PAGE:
Monday, December 22, 2014
Advent Weekday: December 22
2 Samuel 7:1-16
REFLECTION: “O Rex Gentium”
Yet another O antiphon greets us today, this one known as "O Rex Gentium":
O King of the nations, and their desire,
the cornerstone making both one:
Come and save the human race,
which you fashioned from the dust.
In our Gospel reading today, we hear the words of Zechariah, the father of John the Baptist, in which he gives praise to God and speaks of John's destiny... to pave the way for the Messiah.
From the moment of the fall, salvation was promised. Our fallen race, formed from the elements which make up the earth - carbon, oxygen, hydrogen, etc..., may have lost its initial innocence, but even on that day of darkness, a future Savior was promised to us. You see, the root of the Gospel is found even in Genesis!
Throughout Scripture, prophets and sages speak of the coming of the Messiah. Sometimes they speak through direct prophecy, at other times the Law, handed down by God and applied by the leaders of the Israelites, paints shadow-pictures of redemption for us. Sacrifices, manners of living, holiness, purity... all of them are spoken of in the Old Testament; and all foreshadow the coming Christ just as much as they speak to the needs of the Israelites in their own time.
Today, with John born, the final prophet of the Old Covenant has appeared... and Zechariah, while praising God, is giving - essentially - marching orders to him.
These beautiful words should also give us pause to consider how we interface with the world. Do we seek the salvation of others? Do we seek to reflect the glory, truth, peace, and hope of the Gospel day by day as we encounter others? Are we concerned with the eternal salvation of all, and not just a lessening of earthly burdens?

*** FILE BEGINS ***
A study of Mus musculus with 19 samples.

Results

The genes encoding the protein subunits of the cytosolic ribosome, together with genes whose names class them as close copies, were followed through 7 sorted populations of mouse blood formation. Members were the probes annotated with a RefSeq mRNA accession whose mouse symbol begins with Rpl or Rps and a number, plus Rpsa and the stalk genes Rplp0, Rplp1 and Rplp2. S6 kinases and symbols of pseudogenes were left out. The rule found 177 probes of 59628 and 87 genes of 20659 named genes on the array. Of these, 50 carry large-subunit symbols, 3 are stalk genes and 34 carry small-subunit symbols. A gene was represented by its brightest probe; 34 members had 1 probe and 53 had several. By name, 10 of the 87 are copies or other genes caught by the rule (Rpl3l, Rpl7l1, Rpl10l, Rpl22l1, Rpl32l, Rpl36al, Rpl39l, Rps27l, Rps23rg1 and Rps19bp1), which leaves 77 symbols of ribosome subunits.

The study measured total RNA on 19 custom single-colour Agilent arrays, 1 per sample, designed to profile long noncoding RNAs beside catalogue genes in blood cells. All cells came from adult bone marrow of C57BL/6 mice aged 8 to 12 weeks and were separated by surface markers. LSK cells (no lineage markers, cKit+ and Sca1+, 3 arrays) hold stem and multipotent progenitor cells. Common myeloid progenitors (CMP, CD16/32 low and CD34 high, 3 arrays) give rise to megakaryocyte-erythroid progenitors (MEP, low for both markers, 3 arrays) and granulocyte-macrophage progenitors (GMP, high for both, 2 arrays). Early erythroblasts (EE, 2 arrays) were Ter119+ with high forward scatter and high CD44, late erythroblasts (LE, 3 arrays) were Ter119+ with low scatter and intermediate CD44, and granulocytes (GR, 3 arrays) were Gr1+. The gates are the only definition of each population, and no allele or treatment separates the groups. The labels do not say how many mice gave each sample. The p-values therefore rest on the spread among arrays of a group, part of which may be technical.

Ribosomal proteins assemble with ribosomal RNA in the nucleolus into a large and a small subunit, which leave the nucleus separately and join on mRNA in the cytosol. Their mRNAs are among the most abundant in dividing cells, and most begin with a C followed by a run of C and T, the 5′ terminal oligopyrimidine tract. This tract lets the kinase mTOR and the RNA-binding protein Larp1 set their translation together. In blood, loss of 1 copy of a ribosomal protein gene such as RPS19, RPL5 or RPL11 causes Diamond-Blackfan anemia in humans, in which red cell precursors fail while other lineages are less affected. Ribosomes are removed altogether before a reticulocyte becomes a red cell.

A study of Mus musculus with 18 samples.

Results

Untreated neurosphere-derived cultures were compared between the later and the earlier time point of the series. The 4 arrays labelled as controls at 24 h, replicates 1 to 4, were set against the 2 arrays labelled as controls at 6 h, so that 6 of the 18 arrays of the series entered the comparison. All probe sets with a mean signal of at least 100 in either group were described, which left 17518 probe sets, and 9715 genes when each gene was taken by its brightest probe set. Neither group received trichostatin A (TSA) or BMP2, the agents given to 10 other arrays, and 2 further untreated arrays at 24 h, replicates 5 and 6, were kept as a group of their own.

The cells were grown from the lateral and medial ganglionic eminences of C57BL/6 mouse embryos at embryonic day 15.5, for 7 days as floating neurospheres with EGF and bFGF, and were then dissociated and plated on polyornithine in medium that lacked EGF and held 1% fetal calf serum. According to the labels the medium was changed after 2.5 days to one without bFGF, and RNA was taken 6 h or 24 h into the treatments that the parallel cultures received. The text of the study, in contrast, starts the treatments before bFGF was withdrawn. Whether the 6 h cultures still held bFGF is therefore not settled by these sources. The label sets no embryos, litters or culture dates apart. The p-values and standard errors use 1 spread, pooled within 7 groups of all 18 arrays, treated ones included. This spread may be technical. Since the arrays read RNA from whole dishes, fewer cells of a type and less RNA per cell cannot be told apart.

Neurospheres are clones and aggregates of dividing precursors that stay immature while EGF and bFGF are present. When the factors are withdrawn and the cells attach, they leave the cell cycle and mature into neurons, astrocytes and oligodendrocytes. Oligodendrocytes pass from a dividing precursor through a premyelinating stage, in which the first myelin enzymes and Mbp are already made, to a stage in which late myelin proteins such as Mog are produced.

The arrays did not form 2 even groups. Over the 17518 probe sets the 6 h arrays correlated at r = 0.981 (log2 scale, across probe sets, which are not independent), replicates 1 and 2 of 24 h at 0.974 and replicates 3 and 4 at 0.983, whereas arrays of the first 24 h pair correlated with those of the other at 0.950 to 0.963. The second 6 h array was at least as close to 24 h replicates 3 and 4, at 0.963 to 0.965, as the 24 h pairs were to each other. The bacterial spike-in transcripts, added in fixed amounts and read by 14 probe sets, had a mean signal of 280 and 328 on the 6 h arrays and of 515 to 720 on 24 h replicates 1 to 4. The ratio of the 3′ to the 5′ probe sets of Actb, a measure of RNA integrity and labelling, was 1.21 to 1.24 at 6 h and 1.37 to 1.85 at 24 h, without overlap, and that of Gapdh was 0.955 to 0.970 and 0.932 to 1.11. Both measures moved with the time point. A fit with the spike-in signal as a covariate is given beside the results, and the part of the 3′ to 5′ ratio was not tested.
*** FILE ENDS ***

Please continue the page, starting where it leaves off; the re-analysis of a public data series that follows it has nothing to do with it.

As Christians, we can run the risk of being 'so heavenly minded as to be of no earthly good', but the converse is true. We must remain faithful to the message of salvation... the very challenging message of salvation... while, at the same time, being concerned with the situation of our world today.
Over the first few weeks of Advent, we heard much about showing concern for others, which is good, and right, and just. Some of it has been driven by the Scriptures in our readings day by day. Some of it has been driven by world events. Social justice and a concern for the needs of others is vitally important to our faith... it is a central tenant of it. But it is not the end-all-be-all of Christianity. There is still a need for self-discipline, conformity to God's expectations, and fidelity to revealed truth that is equally vital as we express our faith.
If we abandon a balanced approach to our faith, we are no longer fulfilling or ambassadorial responsibilities to our Sovereign, the King of the Nations. We will no longer effectively serve as agents of his will - to bring people together under the mantle of Christ for salvation. We must never abandon our faithfulness to the wholeness of the Gospel... we must constantly strive to live lives of robust faith.